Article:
Royal Navy, Defence Science and Technology Laboratory (DSTL) and the National Oceanography Centre (NOC) have renewed and expanded their Memorandum of Understanding for the underwater survey work.
The agreement will see the organisations continue to collaborate in trials and testing of marine autonomous systems and sensors to collect data, broadening the navy’s capabilities in this area.
The agreement will encompass a wider scope for potential collaborative projects and information sharing.
Commodore Mike Knott, ACOS Maritime Capability and Force Development, and Royal Navy sponsor for the Memorandum of Understanding, said: “The Royal Navy is on an exciting journey to modernise and optimise our ability to collect and exploit hydrographic and oceanographic information.
“This enduring memorandum allows the Royal Navy to work closely with the National Oceanography Centre and Defence Science and Technology Laboratories to collaborate in developing our world leading expertise in marine science.
“Consequently, it will ensure that the operational decisions we make will be based on the most up to date environmental data.”
He added: “The advantage of being able to collectively share knowledge and experience informs our trials and experimentation, such as a recent successful three-month oceanographic glider deployment off the coast of Scotland, as we seek to innovate and expand our use of artificial intelligence and autonomous systems.”
Potential projects coming up include further testing of gliders and autonomous surface and underwater vehicles as well as the development of robotics systems and their possible military use.
As the UK’s centre of excellence for oceanographic sciences, the core remit of the National Oceanography Centre is to provide national capability and leadership for big ocean science, making its work relevant for both the Royal Navy and DSTL.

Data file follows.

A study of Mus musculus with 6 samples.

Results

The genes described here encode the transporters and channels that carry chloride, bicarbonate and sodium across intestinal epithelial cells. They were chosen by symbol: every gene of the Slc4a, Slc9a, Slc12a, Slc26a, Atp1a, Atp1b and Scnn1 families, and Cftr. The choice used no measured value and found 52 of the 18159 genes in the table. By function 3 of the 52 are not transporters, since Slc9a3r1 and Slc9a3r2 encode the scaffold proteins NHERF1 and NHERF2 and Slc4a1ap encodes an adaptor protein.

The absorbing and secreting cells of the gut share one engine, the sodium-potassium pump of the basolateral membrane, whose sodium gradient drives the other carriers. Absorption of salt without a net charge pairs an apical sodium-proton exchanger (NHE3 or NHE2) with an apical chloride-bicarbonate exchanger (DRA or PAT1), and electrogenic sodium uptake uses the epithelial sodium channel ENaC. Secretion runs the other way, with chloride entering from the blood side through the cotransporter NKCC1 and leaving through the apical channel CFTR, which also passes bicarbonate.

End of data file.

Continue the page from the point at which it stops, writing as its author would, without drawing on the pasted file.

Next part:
The centre’s associate director for National Marine Facilities, Leigh Storey, said: “There continues to be multiple opportunities for the National Oceanography Centre to work closely with the Royal Navy and DSTL from scientific interpretation of oceanographic data to joint development of autonomous systems, from the coast to the deep ocean.
“I very much hope this memorandum acts as a launch pad for even closer collaboration and focused alignment of future development opportunities.”
DSTL’s role in the partnership is to help shape the Royal Navy’s direction of travel in terms of future capability, through their own research, but also through enabling a greater level of engagement with other researchers and academics in the field.
Its senior principal scientist (ocean environment), Timothy Clarke, said: “As the science providers for UK national security, DSTL provides impartial and evidence-driven analysis to customers. By harnessing the latest technologies and expertise within the National Capability we will enhance the Royal Navy’s understanding of the applications of autonomous underwater vehicles for operational advantage.”